Saturday in Austria
Our group was almost all here and we had finally rested, and even though our luggage wasn’t with us — yet — it was supposed to arrive today. So, we made the best of the situation and went to Feldkirch anyways. Why should we waste time here in Austria?! Pffht, never.
We made our way to die Bahnhof (train station) of which I have zero photos for now, and took our first journey together. One thing of note, almost everything is clean here — even the train stations! When I’ve been to places like New York and Chicago and rode the trains/subways, or been in Louisville and around on the TARC buses, everything is just gross. Here, it seems, they take such pride in how beautiful every thing should be.
After we exit the train at Feldkirch we wander through to the ‘old-town’ and through this absolutely beautiful Marktplatz (market place). So many sights, smells, sounds,… and the flowers! There were flowers for sale at almost every booth that wasn’t selling some sort of Fleisch oder Käse (meats or cheeses). I wanted to buy some to bring home to my Gastfamilie (host family), but I really didn’t want them to die while I was in Feldkirch. Knowing my luck they would have been trampled, squashed, or otherwise forgotten. Maybe I’ll get some in the next few days to bring to Frau Bridgette.
We meandered through the Marktplatz and ended up at this rather old church. While this is not uncommon, especially in this area, most people from the US find old to be more like the late 1700’s to the early 1800’s … that’s not the case here. The church we were allowed to enter is not just a church, but a working art exhibit.
The current artwork is made to represent Joseph and Mary, and the connection that is found between them. I didn’t get it, I don’t often understand modern art, but it’s very beautiful nonetheless. This sculpture is being moved out of the church on 31 May.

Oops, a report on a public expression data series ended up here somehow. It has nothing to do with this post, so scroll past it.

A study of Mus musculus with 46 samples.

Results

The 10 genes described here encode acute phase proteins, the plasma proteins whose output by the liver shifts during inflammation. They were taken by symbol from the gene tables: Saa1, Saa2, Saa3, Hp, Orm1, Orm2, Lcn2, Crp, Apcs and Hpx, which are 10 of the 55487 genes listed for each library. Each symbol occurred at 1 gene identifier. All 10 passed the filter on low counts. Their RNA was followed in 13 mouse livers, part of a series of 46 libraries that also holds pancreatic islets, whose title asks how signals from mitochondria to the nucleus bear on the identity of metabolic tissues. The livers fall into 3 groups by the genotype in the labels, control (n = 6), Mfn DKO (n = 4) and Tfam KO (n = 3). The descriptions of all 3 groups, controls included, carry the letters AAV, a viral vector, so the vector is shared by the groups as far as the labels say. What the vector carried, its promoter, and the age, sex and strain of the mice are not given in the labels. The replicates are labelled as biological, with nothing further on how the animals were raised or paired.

This church was also the first place I got to play with the whole Photosphere part of my camera. I like it, it’s nice. When it works right, which is about 80% of the time.
After visiting this little church and standing outside listening to a street group try and sing ‘Wild Thing’, we realized our director was missing — he was on the phone with two different people, one of the other students who hadn’t arrived yet, and the airline with information about our missing bags. He gave us the good news, and for once, no bad news, our bags were on their way to Bregenz from Zürich! Gott sie Dank!
Following that announcement, we were allowed to roam Feldkirch to eat and to later meet up to actually go visit the castle itself.
Maggie and I found this great cafe that was shockingly well priced and had absolutely delicious food. I had this << and it’s name does not translate well. Kaiserschmarrn!
To top that off I had a friend give me a simple recipe with which to make this when I get home. You better believe it’s happening. OMNOMNOMNOMNOM.
From here on out, I’m going to just share all the photos from Feldkirch. I can’t help it, it’s so pretty and I can’t find a good way to share my thoughts about the place. The view, was absolutely inspiring. I’m pretty sure I’m living in a postcard.
These two are from the entrance to the castle in Feldkirch.
One is just of the town below, and another with a majority of our group studying here.
Aren’t we adorable?! Don’t answer that … no really, don’t.
This courtyard and cafe from inside the castle are so dang pretty. I told one of my classmates I want to live here, well, in a castle … it won’t happen, but a girl can dream!
SEE?! RIGHT THERE?! THAT’S A POSTCARD IF I’VE EVER SEEN ONE!
I’m so jealous that people just get to live here all the time… T_T
Upon returning to Bregenz, via the ‘fast train’, we were given a few moments to freshen up and then come down for dinner at Gasthof Goldener Hirschen. Mmmmm. Dinner.
Still delicious. Still amazing.
Can I have more Suppe (soup)?
After dinner I actually headed to the house I’m staying at and gave my host family their gift. That raised a lot of questions, because there was a rather complicated miscommunication in there. That was hard to work around — but we managed it. I also had my first real conversation auf Deutsch with my host-mother, and she complimented my pronunciation! That’s literally the best compliment I could have received from anyone!
When her son came over for dinner I decided to wander down to Bodensee (Lake Constance) and watch the sunset. It had been threatening rain all day, or it at least looked like it would at home, so I took my jacket and walked along the shoreline. It was absolutely peaceful — mostly. There were swans that were quite loud, but that’s swans for you.
The sunset was perfect.
The colors shifted slowly as the sun sank into the water ending Day 2 in Austria.